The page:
International Walk for Human Rights


Youth for Human Rights International (YHRI) commemorates United Nations Human Rights Day, December 10, with the third annual “International Walk for Human Rights.” Students of all ages from more than 30 countries on six continents will join in the walk, to raise awareness of the United Nations Declaration of Human Rights. The events will include petition drives, distribution of human rights education material, and concerts.

The theme of Human Rights Day 2011 is “Social Media and Human Rights,” and the history of the YHRI International Human Rights Walk is testimony to the power of social media in this arena.

In 2009, it was social media that made it possible for a group of dedicated young human rights advocates from a broad range of religions, races, ethnic backgrounds and cultures to meet online and share their ideas. From this interaction, the first annual walk was born. Held in 12 countries in 2009 and 27 in 2010, members anticipate 30 countries to participate in 2011: Australia, Austria, Bangladesh, Barbados, Benin, Colombia, Cambodia, Denmark, Ecuador, France, Gambia, Germany, Ghana, Haiti, Holland, India, Italy, Japan, Kenya, Mongolia, Morocco, Nepal, Nigeria, Pakistan, Russia, Scotland, South Africa, Switzerland, Sri Lanka, Taiwan, Tanzania, Ukraine, Uganda, United Kingdom, United States of America, Venezuela and Zambia.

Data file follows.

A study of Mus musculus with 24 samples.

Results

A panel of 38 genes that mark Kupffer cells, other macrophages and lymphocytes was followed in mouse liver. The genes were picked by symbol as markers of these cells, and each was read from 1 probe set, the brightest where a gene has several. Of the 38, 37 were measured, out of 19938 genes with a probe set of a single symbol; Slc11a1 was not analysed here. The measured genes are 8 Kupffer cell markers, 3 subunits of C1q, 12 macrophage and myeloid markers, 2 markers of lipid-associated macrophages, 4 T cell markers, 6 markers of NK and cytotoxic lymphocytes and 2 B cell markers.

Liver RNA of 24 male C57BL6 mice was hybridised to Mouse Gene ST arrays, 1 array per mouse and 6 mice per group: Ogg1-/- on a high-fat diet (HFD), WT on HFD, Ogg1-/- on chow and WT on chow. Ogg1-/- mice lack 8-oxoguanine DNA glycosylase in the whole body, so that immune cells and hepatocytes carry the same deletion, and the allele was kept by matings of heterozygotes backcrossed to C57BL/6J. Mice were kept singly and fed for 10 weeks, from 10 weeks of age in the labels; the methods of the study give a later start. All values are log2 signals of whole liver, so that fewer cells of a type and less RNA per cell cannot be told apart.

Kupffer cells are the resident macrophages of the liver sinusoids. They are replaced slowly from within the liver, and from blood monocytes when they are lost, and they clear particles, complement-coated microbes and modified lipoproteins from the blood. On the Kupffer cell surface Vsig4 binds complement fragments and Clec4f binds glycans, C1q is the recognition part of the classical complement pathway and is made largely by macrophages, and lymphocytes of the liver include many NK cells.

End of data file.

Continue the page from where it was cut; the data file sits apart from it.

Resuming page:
“We want to wake up the world,” says Dustin McGahee, 21, International Walk for Human Rights Coordinator. “People from across the globe will join forces to promote the need for human rights.”

The Universal Declaration of Human Rights (UDHR) grew from the determination of human rights advocates to prevent the devastating human rights abuse that occurred during World War II from ever happening again. On December 10, 1948, Eleanor Roosevelt presented the UDHR to the General Assembly of the United Nations. The document is a compilation of the 30 human rights that apply to everyone, everywhere. In ratifying the Declaration, the General Assembly of the United Nations called upon the member nations “to cause it to be disseminated, displayed, read and expounded principally in schools and other educational institutions, without distinction based on the political status of countries or territories.”

Despite this mandate, more than six decades after the Declaration was adopted, most countries do not require human rights education in their schools, resulting in widespread ignorance of this document and its content.

YHRI is a nonprofit, secular organization founded in 2001 by educator Dr. Mary Shuttleworth. Having spent more than 30 years working with youth, she realized how vulnerable youth are when they do not know their rights.

“It is important that they not only know they have these rights,” says Dr. Shuttleworth, “but according to Article 29 of the United Nations Universal Declaration of Human Rights, they also have responsibilities to protect their rights and the rights of their peers. That is exactly what these youth organizing and participating in the International Walk for Human Rights are doing.”

Headquartered in the USA and with over 180 chapters globally, the purpose of YHRI is to teach youth around the world about human rights, specifically the UDHR, so they become advocates for tolerance and peace.

The 30 articles of the Universal Declaration of Human Rights are presented in youth-oriented public service announcements.